NOAA's Mapper

NOAA's Mapper

Author: Hugh Bollinger/Thursday, July 19, 2018/Categories: natural history, video, space science, sustainability, environment

                        Tropical Hurricane Harvey (credit: GOES-13, NOAA)

The GOES (Geostationary Operational Environmental Satellite) program, managed by the atmospheric and oceanic agency NOAA, is creating maps as beautiful as they are vital. The GOES satellites gather environmental data using multiple sensors to view the Earth on a constant basis. The satellite imagery is found in for weather forecasting, ocean navigation alerts, and in long-range climate predictions. The data is used by the National Weather Service, commercial weather channels, universities, the Department of Defense, and the wider research community.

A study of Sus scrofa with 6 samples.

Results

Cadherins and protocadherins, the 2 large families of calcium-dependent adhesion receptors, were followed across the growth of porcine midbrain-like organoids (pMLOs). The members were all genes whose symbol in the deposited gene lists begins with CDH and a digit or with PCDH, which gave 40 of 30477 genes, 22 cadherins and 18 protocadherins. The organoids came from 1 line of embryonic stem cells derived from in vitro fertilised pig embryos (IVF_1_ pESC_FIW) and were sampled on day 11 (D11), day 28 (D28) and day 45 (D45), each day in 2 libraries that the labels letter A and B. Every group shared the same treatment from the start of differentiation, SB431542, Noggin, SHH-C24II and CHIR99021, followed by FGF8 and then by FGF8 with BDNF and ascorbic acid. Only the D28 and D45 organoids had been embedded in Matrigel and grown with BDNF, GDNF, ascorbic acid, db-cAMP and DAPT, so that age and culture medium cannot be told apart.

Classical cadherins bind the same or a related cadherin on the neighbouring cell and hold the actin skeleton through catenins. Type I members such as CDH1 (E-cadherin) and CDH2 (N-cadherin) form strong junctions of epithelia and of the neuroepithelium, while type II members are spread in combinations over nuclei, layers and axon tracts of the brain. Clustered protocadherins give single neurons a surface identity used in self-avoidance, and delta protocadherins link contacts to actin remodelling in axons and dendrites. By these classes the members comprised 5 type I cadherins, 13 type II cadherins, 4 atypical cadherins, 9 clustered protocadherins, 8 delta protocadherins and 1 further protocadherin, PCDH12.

According to NOAA, the GEOS-East Image Viewer captured a spectacular, almost cloud-free, view of the Rocky Mountains stretching to the Pacific Northwest in 'real time' today. The data was visualized in natural color (visible light) showing diverse landscapes, such as deserts (brown), agricultural land (light green), and forests (dark green). Features like Utah's Bonneville Salt Flats, Idaho's Craters of the Moon National Monument, the Martin Fire burn-scar in northern Nevada, and coastal fogs in the Pacific Northwest are clearly visible in the data animation. in Oregon and Washington, to name a few.

The NOAA allows public access to the data directly from their National Center for Environmental Information if people are interested. You might like to view how your location, state, or region appears from the GOES vantage point today.